New Zealand's main standard for the design and construction of timber-framed buildings, NZS 3604:2011 Timber-framed buildings, is being revised. The standard has a significant influence on houses being constructed in New Zealand, as it is a core resource for designers and building consent authorities determining compliance with the New Zealand Building Code (NZBC). The standard also gives guidance to builders and others involved in the construction of light timber-framed buildings.
MBIE’s Building Performance team commissioned a review of this standard and is funding its revision. Building Performance aims to help streamline the process of designing and consenting higher-density housing. The revision also aims to support the Building for Climate Change programme by improving the operational efficiency of buildings and improving the health and wellbeing of their occupants.
There will be a very specific scope for the revision. In early 2020, a scoping workshop recommended the scope of the revision of NZS 3604. The workshop assembled a range of relevant stakeholders to decide which specific areas needed changing in the revision of NZS 3604. Their proposed scope was then released for a period of public consultation and the feedback was reviewed at a second workshop.
The revision will also look to streamline the construction of several other design features that are commonly consented. More details on the specific areas that this revision project will address are detailed in the Appendix at the end of this article.
Standards New Zealand is now in the process of forming a standards development committee. It is anticipated that technical working groups will be established to provide advice on how the scope items above should update the draft standard. We would like to invite technical experts interested in participating on working groups to register their interest at this link.
The new standard is expected to be delivered just under three years from now, in 2023. Once published, it is expected to be incorporated into the building code.
Future updates on the revision will be published in the building section of Touchstone and in Building Performance’s The Wrap Up. Please also subscribe to our Touchstone newsletter or to The Wrap Up to stay informed.
The following specific areas will be looked at as part of the revision to NZS3604:
1. Facilitating better thermal performance: Focus on ways that revising NZS 3604 will support better thermal performance as part of New Zealand’s commitment to reducing greenhouse gas emissions by 2050.
2. Extending the scope to three full storeys within the standard: Expand the scope of the selection tables within the standard to address the increasing demand for medium-density dwellings with up to three storeys.
3. Foundations on expansive soils and on liquefaction-prone soils: Add foundation solutions to NZS 3604 for when the soil supporting a building is prone to either expansion or shrinkage. This feature will extend the November 2019 amendment to B1/AS1 of the NZBC that added solutions for expansive soils from the Simple House Acceptable Solution into NZS 3604. Add solutions for foundations on soils with medium liquefaction vulnerability into NZS 3604. These will target sites that are similar to those classified as TC2 in accordance with the MBIE document Guidance on repairing and rebuilding houses affected by the Canterbury earthquakes.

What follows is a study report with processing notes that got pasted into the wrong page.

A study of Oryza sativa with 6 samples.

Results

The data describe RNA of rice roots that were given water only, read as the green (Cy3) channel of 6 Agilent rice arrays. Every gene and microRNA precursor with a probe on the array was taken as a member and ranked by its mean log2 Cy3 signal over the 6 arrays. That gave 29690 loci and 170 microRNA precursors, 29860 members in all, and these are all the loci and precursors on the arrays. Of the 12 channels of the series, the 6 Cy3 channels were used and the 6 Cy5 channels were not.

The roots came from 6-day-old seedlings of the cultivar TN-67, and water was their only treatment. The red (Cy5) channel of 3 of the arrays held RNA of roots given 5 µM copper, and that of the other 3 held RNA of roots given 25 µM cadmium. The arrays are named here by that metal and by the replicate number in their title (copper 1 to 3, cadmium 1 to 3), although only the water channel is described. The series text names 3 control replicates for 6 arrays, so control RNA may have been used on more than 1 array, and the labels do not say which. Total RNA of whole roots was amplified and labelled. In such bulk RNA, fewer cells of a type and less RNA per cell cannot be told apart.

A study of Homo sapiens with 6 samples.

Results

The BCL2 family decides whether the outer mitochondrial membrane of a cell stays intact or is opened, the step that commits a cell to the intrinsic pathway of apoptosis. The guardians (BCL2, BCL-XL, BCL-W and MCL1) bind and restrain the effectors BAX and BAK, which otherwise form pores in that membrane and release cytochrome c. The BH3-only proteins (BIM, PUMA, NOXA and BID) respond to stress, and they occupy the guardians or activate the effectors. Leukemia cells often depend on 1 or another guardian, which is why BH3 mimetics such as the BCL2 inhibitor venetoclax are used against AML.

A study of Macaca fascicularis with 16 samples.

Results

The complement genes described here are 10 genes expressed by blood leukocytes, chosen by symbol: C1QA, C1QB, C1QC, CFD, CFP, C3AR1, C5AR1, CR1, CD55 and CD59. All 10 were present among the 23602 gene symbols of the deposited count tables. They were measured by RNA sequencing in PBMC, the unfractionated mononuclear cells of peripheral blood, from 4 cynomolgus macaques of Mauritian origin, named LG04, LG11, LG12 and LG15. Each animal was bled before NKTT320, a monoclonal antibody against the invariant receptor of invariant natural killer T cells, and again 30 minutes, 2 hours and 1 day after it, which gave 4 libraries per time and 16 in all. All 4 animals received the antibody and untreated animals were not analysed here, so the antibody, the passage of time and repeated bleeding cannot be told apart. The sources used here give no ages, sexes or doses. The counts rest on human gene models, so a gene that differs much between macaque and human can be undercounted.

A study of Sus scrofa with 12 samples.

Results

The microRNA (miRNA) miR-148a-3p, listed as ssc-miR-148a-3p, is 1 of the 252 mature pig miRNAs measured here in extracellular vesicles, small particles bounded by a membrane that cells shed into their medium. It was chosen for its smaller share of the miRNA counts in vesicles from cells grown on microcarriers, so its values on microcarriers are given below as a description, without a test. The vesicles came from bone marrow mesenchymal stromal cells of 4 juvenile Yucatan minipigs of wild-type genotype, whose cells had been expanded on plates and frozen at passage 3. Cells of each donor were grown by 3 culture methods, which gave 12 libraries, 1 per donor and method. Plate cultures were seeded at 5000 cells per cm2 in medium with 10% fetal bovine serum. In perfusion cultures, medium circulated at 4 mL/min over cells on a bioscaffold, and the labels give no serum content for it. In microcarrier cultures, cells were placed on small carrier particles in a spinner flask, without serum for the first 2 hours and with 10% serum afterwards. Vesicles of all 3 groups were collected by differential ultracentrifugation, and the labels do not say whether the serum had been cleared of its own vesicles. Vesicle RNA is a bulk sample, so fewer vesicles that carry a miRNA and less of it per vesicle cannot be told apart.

4. Steel bracing elements for wide openings: Include steel elements into this timber-based standard that can be used to support the framing above wider doors and windows.
5. Support details for long-span beams and lintels: Provide support details for proprietary elements such as beams, lintels, and trusses, which apply higher point loadings than can be supported by the current version of NZS 3604. It aims to provide simpler support solutions for a range of situations. It will include connections and foundation details.
6. Framing around internal stairwells: Extend the framing span tables and provide construction details for wall framing around stairwells that extends into a second storey. It will also introduce selection tables and construction details for framing within part-height internal barrier walls.
7. Isolated internal masonry walls: Add standardised construction details for isolated internal masonry walls. This will cover construction of hybrid structures that have a small number of internal masonry walls in a predominately timber-framed structure.
8. Revising a number of noted corrections and updates: Make a large number of minor corrections and updates that have been identified since NZS 3604:2011 was published.
9. Bracing: Create a new part (NZS 3604.2) that sets out how to determine both wind and seismic bracing for Subfloor bracing; Walls; Isolated masonry walls; and Steel bracing elements used in wide openings. Create new sections with bracing rating tables and construction details.